Is The Sun Doing A Number On Your Skin?

If you can’t be bothered to read this post and simply want to take away the quick answer to the above question, then the answer is ‘yes’. No doubt about it.

For the rest of you, thanks for hanging in there and may we present you with a gold star for wanting to know more about the damaging effects of the sun? Because, let’s face it, there are many.

The worrying truth is that even though we couldn’t survive without that six-billion-year-old ball of fire in the sky, it’s responsible for 90 percent of skin damage. Not 50 percent, not even 70 percent, but a staggering 90 percent. So, next time you blame your mom for your premature crow’s feet or patchy brown cheeks, you should probably bite your tongue and look skyward for the real culprit.

Why? Well, it’s all down to ultraviolet (UV) radiation. While UV only makes up for around 10 percent of sunlight, it’s the most damaging part of the electromagnetic spectrum that penetrates the earth’s atmosphere. In short, UV dries out the skin, breaks down collagen and elastin, causes melanin to go into overdrive (hello, melasma) and damages the DNA in your skin cells which leads to fine lines, wrinkles or more seriously (but thankfully, far less common) skin cancer.

The number one rule when it comes to winning the battle against these wicked UV rays is to protect, protect, PROTECT. Here’s how to do so like a true skincare pro…

1. Always protect your skin with a medical-grade, broad-spectrum sunscreen of at least SPF 30. What does ‘broad-spectrum’ mean? That it protects your skin from both UVA and UVB radiation, which is super-important. And if you think you can get away without wearing sunscreen in the winter? Think again. Contrary to popular belief, clouds do NOT stop UV from hitting your skin.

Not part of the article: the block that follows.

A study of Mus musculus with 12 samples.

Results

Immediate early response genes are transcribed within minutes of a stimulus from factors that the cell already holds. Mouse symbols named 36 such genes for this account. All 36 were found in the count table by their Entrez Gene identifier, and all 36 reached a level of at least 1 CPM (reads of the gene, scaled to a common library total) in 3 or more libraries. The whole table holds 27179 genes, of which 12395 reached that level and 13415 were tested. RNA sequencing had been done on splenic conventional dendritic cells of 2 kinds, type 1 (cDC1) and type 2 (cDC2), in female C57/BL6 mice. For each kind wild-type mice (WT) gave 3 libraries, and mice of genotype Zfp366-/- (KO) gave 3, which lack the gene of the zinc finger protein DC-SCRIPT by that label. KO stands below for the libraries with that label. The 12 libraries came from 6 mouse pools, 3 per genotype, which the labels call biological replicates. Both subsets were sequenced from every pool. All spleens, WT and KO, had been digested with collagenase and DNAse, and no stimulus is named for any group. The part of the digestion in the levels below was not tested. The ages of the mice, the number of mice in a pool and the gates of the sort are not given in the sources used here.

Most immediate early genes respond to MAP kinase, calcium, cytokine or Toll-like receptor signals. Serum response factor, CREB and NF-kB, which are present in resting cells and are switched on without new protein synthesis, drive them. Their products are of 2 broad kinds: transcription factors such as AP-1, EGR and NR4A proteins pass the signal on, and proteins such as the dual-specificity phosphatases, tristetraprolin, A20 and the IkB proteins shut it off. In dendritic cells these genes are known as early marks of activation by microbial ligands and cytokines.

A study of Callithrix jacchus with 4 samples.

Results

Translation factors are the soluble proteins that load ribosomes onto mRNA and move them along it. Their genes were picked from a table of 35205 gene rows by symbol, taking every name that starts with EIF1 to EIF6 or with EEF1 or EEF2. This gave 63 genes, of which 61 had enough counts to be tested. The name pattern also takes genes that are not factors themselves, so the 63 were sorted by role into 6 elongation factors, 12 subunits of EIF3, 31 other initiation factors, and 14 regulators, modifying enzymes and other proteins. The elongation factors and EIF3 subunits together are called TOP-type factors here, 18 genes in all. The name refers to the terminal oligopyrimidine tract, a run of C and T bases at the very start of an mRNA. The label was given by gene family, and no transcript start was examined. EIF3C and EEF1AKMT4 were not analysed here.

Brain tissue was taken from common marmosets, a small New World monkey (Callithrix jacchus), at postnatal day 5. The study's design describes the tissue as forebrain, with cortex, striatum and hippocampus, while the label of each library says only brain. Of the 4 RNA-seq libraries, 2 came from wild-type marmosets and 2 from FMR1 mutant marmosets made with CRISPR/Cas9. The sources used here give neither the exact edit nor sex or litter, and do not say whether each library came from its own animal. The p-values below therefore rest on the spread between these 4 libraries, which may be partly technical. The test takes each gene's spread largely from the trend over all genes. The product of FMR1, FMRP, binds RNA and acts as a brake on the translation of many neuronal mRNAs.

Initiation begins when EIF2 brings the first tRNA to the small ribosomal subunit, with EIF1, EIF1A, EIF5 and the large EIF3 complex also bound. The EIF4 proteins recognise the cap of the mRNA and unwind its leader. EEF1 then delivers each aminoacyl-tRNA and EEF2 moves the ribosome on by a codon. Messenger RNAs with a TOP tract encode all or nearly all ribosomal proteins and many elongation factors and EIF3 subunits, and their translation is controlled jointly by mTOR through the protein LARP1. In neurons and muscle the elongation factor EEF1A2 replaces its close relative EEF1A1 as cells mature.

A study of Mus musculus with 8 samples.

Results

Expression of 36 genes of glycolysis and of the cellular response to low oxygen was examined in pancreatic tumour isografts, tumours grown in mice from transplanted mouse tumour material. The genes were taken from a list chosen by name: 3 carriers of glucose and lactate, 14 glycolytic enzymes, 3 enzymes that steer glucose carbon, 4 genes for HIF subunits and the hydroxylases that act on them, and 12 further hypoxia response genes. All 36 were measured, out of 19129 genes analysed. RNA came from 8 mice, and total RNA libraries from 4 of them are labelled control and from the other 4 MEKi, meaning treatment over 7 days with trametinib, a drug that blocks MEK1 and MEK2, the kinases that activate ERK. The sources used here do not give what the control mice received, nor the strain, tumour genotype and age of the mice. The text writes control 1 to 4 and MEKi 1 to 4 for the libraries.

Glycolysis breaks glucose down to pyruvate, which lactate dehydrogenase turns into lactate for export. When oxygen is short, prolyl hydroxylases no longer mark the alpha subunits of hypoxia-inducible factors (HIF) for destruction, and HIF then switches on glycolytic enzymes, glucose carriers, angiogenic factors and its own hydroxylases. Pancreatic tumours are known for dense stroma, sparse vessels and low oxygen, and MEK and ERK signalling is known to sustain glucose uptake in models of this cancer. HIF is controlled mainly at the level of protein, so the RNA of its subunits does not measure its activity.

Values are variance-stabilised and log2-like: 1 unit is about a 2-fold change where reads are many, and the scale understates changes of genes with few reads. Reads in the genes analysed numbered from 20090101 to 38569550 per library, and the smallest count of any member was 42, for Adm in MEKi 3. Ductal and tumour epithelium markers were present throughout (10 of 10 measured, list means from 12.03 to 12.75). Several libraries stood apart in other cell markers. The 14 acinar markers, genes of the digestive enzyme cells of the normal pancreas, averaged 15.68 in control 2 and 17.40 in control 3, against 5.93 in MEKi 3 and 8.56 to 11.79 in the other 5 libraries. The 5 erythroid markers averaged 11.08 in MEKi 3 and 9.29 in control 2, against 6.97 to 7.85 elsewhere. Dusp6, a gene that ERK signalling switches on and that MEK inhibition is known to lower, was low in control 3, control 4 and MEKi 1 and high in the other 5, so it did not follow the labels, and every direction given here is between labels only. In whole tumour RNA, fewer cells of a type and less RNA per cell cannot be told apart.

Try: Alastin Skincare HydraTint Pro Mineral Broad Spectrum Sunscreen SPF 36

2. How much sunscreen is enough?

For everyday protection, simply apply generously and carefully all over your face and neck.

When you’re on the beach or by a pool, you should apply one ounce of sunscreen to your entire body, which is the equivalent of a full shot glass. If your body is longer or more robust than average, more is always better. And for your face, you’ll need a generous teaspoon.

3. After applying sunscreen, allow for a good 20 minutes before setting foot in the sun. Reapply every two hours and remember, even if your sunscreen is marked ‘water resistant’ this does not mean it’s ‘waterproof,’ so it’ll still only last for around 90 minutes.

4. Photodamaged lips are very common because, while most of us are fairly astute with our facial sun protection, the mouth often gets passed by. Couple this with the fact that, unlike the rest of the skin, lips are not blessed with sebaceous glands to naturally moisturize them and frankly, they stand no chance against the sun. The lower lip, in particular is prone to skin cancer, so prevention and protection is key at all times.

Try: EltaMD UV Lip Balm Broad-Spectrum SPF 31

5. To keep your hands from looking older than your face, keep a bottle of sunscreen in your purse. We love SkinMedica Essential Defense Mineral Shield Broad Spectrum SPF35, which also contains plus brown spot-reducing vitamin C.  Oh, and while we’re on the subject of forgotten body parts, for beauty’s sake, never forget to protect your ears, scalp and eyelids. Falling asleep in the sun and waking up with burnt eyelids is neither fun, nor funny.